Tree Talk: Remove dead, diseased and dying branches, plus suckers, water sprouts, foreign objects and vines.

Fredric Miller

December 27, 2019

3 Min Read
sun shining through green forest
Xurzon/Getty Images

Now that we are officially in winter, you might want to make plans to prune your woody plants. Not all plants require pruning, but for those that do, here are some basic pruning steps you can take that will improve tree structure and add to the vitality and longevity of the plant. Remember, pruning is both art and science.

3 D’s. One of the simpler but important pruning strategies involves the three D’s: Remove any plant parts that are dead, diseased and dying. Dead branches; branches that are infected with a disease, such as fire blight on apples and pears; and limbs that are in the process of dying due to cracks at the trunk, branch union, storm damage, cankers (wounds that never heal) and wood-boring insects should be removed.

Also, remove any branches that are rubbing against each other, broken and out of place. When removing rubbing branches, remove the branch that is affected the most. If you don’t, the chronically “irritated” area will serve as entrance for decay-causing pathogens and insects.

Suckers. Suckers arise from the base of the tree, usually from the root graft union area or the roots themselves, and should be removed. Crabapples and other flowering trees are prone to suckering. Some tree species, such as poplars, sucker naturally, and it is considered a method of vegetative reproduction. As they say, “Plant one poplar tree, and soon you have a whole forest.”

Water sprouts. Like suckers, water sprouts can be very aggressive. They arise from aboveground portions of trees and show up in large numbers following heavy pruning. Water sprouts typically arise from the upper side of major limbs, usually grow straight up into the crown, and within a few short years can reach the same diameter as the branch they are growing from.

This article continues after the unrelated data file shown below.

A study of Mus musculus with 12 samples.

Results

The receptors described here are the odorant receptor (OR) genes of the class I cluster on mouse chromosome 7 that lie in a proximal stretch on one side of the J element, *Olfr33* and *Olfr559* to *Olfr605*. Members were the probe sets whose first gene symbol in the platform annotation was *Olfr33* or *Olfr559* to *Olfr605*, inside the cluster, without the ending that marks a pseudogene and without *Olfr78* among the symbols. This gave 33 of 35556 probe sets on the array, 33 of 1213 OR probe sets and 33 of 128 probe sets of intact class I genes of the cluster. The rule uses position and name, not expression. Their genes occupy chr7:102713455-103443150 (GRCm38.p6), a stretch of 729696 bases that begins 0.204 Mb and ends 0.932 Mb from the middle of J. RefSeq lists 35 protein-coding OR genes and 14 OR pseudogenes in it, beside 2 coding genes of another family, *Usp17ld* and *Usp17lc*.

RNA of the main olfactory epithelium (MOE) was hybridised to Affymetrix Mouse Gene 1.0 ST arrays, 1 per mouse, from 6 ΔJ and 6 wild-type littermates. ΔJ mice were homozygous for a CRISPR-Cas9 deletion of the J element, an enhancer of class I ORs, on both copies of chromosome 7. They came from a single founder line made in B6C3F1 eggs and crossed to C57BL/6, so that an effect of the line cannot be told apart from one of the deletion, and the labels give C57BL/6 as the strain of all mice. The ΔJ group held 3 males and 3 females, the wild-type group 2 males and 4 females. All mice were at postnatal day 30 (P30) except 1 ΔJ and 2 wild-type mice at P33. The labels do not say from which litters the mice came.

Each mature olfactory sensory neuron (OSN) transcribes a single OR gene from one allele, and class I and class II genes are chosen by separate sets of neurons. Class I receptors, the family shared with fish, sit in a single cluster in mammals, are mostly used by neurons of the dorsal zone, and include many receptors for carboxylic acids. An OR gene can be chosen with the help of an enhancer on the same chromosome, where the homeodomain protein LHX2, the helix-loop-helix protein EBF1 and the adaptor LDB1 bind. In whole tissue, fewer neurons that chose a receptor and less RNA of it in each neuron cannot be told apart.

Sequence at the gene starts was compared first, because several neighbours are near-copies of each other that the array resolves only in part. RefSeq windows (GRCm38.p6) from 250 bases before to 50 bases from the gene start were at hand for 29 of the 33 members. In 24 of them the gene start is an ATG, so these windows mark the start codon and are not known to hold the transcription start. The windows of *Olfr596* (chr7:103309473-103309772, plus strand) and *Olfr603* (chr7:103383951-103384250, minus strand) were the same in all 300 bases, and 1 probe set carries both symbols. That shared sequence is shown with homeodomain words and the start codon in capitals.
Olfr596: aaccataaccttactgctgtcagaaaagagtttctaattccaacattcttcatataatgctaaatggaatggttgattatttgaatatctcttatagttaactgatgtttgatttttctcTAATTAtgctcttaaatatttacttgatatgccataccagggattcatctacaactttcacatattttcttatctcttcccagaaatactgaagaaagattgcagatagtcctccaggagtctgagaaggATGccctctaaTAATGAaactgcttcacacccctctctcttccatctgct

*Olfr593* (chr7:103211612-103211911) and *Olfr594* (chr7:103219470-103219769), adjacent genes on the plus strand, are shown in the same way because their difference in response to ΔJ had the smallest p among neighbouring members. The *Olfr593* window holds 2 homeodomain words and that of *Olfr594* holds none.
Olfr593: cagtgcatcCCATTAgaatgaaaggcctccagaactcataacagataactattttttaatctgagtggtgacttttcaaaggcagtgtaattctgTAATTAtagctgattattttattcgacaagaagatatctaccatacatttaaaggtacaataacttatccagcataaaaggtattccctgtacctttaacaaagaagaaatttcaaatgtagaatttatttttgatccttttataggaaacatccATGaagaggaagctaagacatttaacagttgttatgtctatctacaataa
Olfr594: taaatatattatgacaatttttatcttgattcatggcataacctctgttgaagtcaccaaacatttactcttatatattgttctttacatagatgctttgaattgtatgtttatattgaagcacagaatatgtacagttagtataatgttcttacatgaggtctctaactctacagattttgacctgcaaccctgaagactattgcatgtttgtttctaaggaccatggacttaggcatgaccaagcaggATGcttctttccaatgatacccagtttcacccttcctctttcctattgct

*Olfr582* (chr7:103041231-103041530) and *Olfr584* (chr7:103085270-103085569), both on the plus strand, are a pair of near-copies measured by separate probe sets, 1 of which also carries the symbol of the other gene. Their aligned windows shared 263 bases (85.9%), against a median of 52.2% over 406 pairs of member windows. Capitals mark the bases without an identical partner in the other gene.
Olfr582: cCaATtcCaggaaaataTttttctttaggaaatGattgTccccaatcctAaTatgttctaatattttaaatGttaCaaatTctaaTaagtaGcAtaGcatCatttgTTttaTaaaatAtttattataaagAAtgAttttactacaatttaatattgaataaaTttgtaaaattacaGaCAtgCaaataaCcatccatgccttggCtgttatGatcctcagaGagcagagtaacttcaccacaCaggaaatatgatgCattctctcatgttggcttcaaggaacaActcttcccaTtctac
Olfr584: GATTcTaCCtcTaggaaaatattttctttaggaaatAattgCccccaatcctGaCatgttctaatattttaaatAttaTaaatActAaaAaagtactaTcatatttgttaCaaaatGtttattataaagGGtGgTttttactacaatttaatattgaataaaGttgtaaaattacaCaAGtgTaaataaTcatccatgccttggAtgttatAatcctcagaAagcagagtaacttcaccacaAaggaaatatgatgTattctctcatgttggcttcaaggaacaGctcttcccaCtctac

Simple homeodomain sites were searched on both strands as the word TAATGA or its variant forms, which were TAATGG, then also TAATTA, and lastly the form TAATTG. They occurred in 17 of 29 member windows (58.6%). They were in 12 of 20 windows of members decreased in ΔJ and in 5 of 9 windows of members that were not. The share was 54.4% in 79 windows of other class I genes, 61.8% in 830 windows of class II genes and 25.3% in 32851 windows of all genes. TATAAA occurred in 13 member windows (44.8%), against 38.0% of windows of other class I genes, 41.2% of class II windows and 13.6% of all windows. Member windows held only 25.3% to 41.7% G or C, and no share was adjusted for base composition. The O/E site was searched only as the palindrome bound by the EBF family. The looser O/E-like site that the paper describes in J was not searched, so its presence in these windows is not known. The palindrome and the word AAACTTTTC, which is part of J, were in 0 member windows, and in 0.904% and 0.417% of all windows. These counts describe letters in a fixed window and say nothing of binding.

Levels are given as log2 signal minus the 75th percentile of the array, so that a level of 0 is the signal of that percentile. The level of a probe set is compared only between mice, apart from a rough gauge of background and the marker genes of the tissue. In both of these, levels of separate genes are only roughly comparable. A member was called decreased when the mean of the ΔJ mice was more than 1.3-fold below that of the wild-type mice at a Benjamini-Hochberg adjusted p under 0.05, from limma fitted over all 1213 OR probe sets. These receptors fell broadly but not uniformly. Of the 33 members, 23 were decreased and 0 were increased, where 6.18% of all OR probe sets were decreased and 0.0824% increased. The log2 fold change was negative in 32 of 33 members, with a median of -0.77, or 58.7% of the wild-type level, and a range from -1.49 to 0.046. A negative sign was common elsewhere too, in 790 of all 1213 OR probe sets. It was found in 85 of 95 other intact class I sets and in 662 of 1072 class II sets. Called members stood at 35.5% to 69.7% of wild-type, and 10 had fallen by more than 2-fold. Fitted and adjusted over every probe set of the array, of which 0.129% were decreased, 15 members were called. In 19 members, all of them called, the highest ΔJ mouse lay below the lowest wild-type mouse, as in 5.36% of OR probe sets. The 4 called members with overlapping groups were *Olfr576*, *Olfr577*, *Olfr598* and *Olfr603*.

Most water sprouts should be removed — but only most. If you remove all of them from the interior portion of the tree canopy, it will actually increase the production of even more sprouts. Step back and look at the tree from a distance, and then decide which sprouts should be removed and which ones should be left. Pay attention to spacing. Additional sprouts can be removed later, over time.

Foreign objects. This is also a good time to remove any foreign objects such as nails, wire, rope and other chain-saw-dulling objects. If left in place, the tree may eventually grow over or around the object, causing problems later for both you and the tree. If vines are present, remove those as well.

Tools. Use the right pruning tools for the job. Hand pruners are good for cutting live branches up to a half-inch in diameter. Loppers and handsaws can be used for larger cuts. Remember, never make a flush cut when removing branches, and make sure your tools are good and sharp so you can make a clean cut. Clean cuts heal faster.

For further details on pruning woody plants, consult your local county Extension office or local certified arborist.

Miller is a horticulture professor at Joliet Junior College in Joliet, Ill., and a senior research scientist in entomology at The Morton Arboretum in Lisle, Ill. Email your tree questions to him at [email protected].